Ask the Dead, discusses her book, her journey as a writer, and self-publishing on Kindle.
DAVID WISEHART: What can you tell us about Ask the Dead?
JOYCE YARROW: Ask the Dead is the first book in the Jo Epstein mystery series. Jo is a private investigator and performance poet, who untangles a web of money-laundering, kidnapping and murder extending from New York City to a hurricane-torn island in the Caribbean. This is a challenging case, but she somehow finds time to compete in the poetry slam too!
DAVID WISEHART: How do you develop and differentiate your characters?
JOYCE YARROW: Jo Epstein takes some of her characteristics from my brother Rick, who is a licensed private investigator, blended with my own experience as a poet growing up in New York. Of course she became her “own person” as the book progressed. I develop my characters by learning about their core needs and how they react to conflict. I ask, is this person street-wise and aggressive, or from an upper class family where the abuse was verbal rather than physical? Does he need to be right all the time? Is he capable of empathy or hardened? I think that when events in fiction spring from character traits they are believable, no matter how surprising.
DAVID WISEHART: Who do you imagine is your ideal reader?
JOYCE YARROW: My ideal reader loves a good story, no matter what the genre.
DAVID WISEHART: What was your journey as a writer?
JOYCE YARROW: Like many writers, I started out using words to try to make sense of a crazy environment—in my case, the SE Bronx. My first published poems were written while riding the bus through Manhattan late at night. I worked as a documentary screenwriter and wrote short stories before attempting my first novel, Ask the Dead, which explores the streets of New York to the point where the city itself becomes a character in the book.
DAVID WISEHART: What is your writing process?
JOYCE YARROW: My process as a writer continues to evolve. Lately I have taken to outlining in more detail before I begin a book. By creating a strong story structure, I’m able to free my imagination to work within it. I also enjoy traveling, so all if Jo Epstein’s cases take her out of the country. In the latest book, The Last Matryoshka, she goes to Russia for the first time (as did I).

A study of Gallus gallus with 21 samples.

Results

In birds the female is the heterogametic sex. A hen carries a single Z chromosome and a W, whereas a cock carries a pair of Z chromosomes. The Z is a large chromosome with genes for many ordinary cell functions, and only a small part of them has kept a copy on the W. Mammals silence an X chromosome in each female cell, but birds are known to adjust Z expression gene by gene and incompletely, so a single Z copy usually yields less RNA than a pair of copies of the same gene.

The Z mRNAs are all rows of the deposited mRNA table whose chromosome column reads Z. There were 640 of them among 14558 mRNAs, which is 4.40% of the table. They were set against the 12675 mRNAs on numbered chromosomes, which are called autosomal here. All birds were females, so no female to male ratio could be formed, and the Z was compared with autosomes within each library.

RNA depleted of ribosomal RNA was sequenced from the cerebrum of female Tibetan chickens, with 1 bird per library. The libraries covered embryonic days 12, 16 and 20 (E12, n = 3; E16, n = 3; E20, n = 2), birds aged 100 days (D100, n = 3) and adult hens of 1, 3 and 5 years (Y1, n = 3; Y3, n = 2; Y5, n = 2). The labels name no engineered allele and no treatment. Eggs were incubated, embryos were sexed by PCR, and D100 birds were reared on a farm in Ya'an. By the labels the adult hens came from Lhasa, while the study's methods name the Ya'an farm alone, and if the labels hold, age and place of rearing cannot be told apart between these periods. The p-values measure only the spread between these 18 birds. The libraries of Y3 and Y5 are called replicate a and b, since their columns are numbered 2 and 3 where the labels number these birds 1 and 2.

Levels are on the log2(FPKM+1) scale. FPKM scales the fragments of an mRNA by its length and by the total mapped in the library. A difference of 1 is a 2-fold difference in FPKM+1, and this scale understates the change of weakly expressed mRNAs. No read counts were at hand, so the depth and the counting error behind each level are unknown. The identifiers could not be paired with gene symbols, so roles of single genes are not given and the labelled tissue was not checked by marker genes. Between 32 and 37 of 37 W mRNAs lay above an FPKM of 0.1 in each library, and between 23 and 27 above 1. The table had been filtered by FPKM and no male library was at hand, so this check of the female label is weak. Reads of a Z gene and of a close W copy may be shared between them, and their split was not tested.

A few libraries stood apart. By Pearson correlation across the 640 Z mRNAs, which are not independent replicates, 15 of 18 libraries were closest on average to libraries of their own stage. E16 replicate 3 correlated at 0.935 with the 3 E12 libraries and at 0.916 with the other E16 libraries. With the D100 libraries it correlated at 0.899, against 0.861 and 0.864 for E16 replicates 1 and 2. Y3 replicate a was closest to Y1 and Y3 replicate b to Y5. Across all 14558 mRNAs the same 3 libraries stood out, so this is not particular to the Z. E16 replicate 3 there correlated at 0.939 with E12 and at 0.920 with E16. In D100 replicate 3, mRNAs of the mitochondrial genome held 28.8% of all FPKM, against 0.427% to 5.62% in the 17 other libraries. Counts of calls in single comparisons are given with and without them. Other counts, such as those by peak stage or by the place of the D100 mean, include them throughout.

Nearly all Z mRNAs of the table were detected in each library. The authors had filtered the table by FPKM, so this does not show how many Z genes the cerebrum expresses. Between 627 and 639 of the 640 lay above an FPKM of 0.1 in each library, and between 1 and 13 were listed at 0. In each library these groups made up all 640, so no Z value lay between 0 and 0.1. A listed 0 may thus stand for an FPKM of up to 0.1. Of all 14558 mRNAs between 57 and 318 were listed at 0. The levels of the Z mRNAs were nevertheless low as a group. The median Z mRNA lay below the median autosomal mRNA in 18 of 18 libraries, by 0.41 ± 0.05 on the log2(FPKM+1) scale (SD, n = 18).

DAVID WISEHART: What authors most inspire you?
JOYCE YARROW: I’m inspired by authors like Michael Chabon, who crosses genre lines (and gets away with it!). Dostoyevsky leaves me in awe, Ruth Rendell’s psychological thrillers set the bar and writers like Amy Tan and Walter Moseley have definitely influenced me.
DAVID WISEHART: What one book, written by someone else, do you wish you'd written yourself?
JOYCE YARROW: The Corrections, by Jonathan Franzen. His voice is funny and unflinchingly honest and the personal dramas of the family members portrayed in this book also evoke a larger picture of the dysfunction of our society and the possibility of redemption. No small achievement!
DAVID WISEHART: How did you create your cover?
JOYCE YARROW: My publisher created the covers for both the paperback and ebook editions of Ask the Dead. I think they did a great job!
DAVID WISEHART: How have you marketed and promoted your work?
JOYCE YARROW: Lately I’ve enjoyed blogging as a way of communicating with readers and other writers. My blog is called Travels with the Muse—http://joyceyarrow.blogspot.com/ in addition to my own posts, I feature guest writers once a month and they frequently return the favor.
I also read at bookstores when invited and give online interviews like this one. I love the international reach of social media—recently a book reviewer from India contacted me through Facebook and people from all around the world visit my blog.
DAVID WISEHART: Why publish on Kindle?
JOYCE YARROW: I was very happy when the ebook division of my publisher—Ampichellis Books—told me they were releasing Ask the Dead for the Kindle, since this makes the book accessible to readers everywhere, at a price the can afford. I love books in all forms and see electronic publishing as a big plus, especially for small publishers or writers who self-publish.
DAVID WISEHART: Thanks, and best of luck with your books.